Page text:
What North Dakota Democrats Aren't Telling You About Oil Tax Revenues

oil tax

During the 2013 legislative session, when lawmakers were debating a proposal to eliminate triggers and exemptions in the state oil tax and replace them with a lower overall rate, Democrats rushed to the media with scary numbers about lost revenues.

But it turned out the numbers they were using were cooked. No doubt hoping that nobody would check their math, they were projecting state oil production to grow beyond 2 million barrels today. “Only one other model I’ve seen approaches such high volumes,” Lynn Helms, director of the Department of Mineral Resources, told me at the time. “The consensus models peak at 850,000 to 1,500,000 barrels per day total from all wells pre 2017 and post 2017.”

It seems Democrats were inflating oil production projections in their calculations in order to portray a bigger revenue hit from the tax reforms they oppose.

Now let’s come back to 2015. There’s another proposal to remove exemptions from the oil tax code in exchange for a lower, flatter tax rate and again Democrats are trotting out scary revenue projections. They’re literally calling this a “nightmare scenario.”

Using projected oil prices and oil production from sources including the Department of Mineral Resources and the U.S. Energy Information Administration, Democrats calculated a “best-guess scenario” of the long-term impact of lowering the oil extraction tax.

Under their projections, approving House Bill 1476 would result in a loss of more than $369 million in the 2015-17 biennium. The assumptions also say the state would lose another $5.8 billion in oil tax revenue through 2025.

“This is best evidence of what is predicted to happen,” said Senate Minority Leader Mac Schneider, D-Grand Forks. “This is not us gaming a nightmare scenario. This is a nightmare scenario that is predicted to happen based on these projections.”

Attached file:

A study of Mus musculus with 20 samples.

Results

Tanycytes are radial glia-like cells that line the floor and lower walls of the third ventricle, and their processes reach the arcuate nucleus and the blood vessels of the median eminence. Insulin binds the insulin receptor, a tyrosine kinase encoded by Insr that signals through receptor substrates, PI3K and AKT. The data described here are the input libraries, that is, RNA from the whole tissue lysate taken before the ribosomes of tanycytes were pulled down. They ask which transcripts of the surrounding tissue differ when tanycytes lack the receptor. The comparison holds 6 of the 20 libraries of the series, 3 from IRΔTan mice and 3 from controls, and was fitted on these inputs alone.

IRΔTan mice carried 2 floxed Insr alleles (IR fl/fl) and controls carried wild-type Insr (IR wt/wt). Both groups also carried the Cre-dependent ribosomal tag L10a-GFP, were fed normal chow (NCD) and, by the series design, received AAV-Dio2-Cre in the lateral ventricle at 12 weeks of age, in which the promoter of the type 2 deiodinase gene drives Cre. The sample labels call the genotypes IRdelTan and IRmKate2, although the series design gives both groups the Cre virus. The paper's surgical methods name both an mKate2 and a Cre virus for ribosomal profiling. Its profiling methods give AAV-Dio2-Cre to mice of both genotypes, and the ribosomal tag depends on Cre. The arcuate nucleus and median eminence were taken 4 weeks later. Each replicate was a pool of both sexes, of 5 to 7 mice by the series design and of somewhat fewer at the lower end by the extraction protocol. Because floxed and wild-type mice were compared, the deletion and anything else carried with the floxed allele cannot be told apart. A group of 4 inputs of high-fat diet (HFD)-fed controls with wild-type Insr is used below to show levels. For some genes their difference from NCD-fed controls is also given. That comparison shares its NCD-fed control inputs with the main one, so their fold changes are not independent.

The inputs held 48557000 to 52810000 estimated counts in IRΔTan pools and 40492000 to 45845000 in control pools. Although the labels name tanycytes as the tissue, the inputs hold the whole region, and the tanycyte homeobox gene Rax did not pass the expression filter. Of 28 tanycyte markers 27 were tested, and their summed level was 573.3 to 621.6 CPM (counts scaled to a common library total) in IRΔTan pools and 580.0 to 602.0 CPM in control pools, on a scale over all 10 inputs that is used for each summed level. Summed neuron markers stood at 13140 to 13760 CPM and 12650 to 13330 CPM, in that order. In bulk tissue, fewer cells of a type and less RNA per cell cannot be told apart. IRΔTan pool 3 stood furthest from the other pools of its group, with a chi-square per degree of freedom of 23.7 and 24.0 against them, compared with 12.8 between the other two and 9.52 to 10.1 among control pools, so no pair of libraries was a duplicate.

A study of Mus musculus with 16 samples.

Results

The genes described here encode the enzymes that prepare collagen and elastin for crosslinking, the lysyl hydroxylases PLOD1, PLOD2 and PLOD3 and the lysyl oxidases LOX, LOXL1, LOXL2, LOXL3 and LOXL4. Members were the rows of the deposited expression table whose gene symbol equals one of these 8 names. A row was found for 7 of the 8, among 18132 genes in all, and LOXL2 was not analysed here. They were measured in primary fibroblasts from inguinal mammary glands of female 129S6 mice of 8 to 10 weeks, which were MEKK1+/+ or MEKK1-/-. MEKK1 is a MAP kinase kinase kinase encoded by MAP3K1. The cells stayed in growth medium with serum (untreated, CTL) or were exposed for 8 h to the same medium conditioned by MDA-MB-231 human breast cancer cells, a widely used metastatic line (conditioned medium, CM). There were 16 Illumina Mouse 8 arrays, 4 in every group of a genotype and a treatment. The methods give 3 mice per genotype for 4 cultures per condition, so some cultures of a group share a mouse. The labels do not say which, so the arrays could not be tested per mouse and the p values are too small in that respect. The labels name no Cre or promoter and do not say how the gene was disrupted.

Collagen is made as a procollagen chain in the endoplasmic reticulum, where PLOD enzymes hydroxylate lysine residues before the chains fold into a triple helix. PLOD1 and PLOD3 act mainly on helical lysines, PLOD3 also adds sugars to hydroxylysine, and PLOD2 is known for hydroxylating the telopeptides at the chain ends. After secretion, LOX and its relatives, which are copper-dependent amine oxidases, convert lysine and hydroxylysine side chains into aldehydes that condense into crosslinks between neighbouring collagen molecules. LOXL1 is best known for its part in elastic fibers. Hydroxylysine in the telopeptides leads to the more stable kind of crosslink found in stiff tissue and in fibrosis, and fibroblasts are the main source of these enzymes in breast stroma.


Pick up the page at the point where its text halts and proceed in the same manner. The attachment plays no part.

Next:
Given that Senator Schneider and his fellow Democrats have played pretty fast and loose with the facts in the past, and given that anyone thinking they can predict the path of the oil markets going out a full decade is fooling themselves, I think we should take these numbers with a major grain of salt.

But, for a moment, let’s stipulate to the idea that they represent an accurate forecast of what will happen in the next decade. They’re saying the state will lose $5.8 billion over the course of a decade, or about $580 million per year.

The thing is, if we do nothing and leave the oil tax trigger in place, the current revenue forecast lawmakers are using foresees a loss of more than $5.6 billion in combined general and non-general fund revenues in the next biennium due to lower oil prices, and of that is $883 million in lost revenues from the absence of the oil extraction tax specifically.

That’s what they aren’t telling you. The price of doing nothing.

Democrats would have you believe that Republicans are just out to give “big oil” a tax cut, and in order to support that talking point they’re willing to let the state weather a $5.8 billion revenue swing in the next biennium, including $873 million in lost revenues from the “triggered” extraction tax, in order to avoid reforms that would give the oil industry a much more moderate tax burden over the next decade.

That doesn’t make any sense.

The Democrats are almost certainly exaggerating the impact of lowering the state’s tax on oil extraction/production from 11.5 percent to 9.5 percent. But even if their numbers are good numbers, a nearly $6 billion reduction in tax burdens for the oil industry over the next decade is better than a totally unpredictable, multi-billion dollar swing in tax revenues every time oil prices tank.

We need to get these tax trigger land mines out of the tax code, and we can’t let Democrat hyperbole about “tax cuts for big oil” get in the way.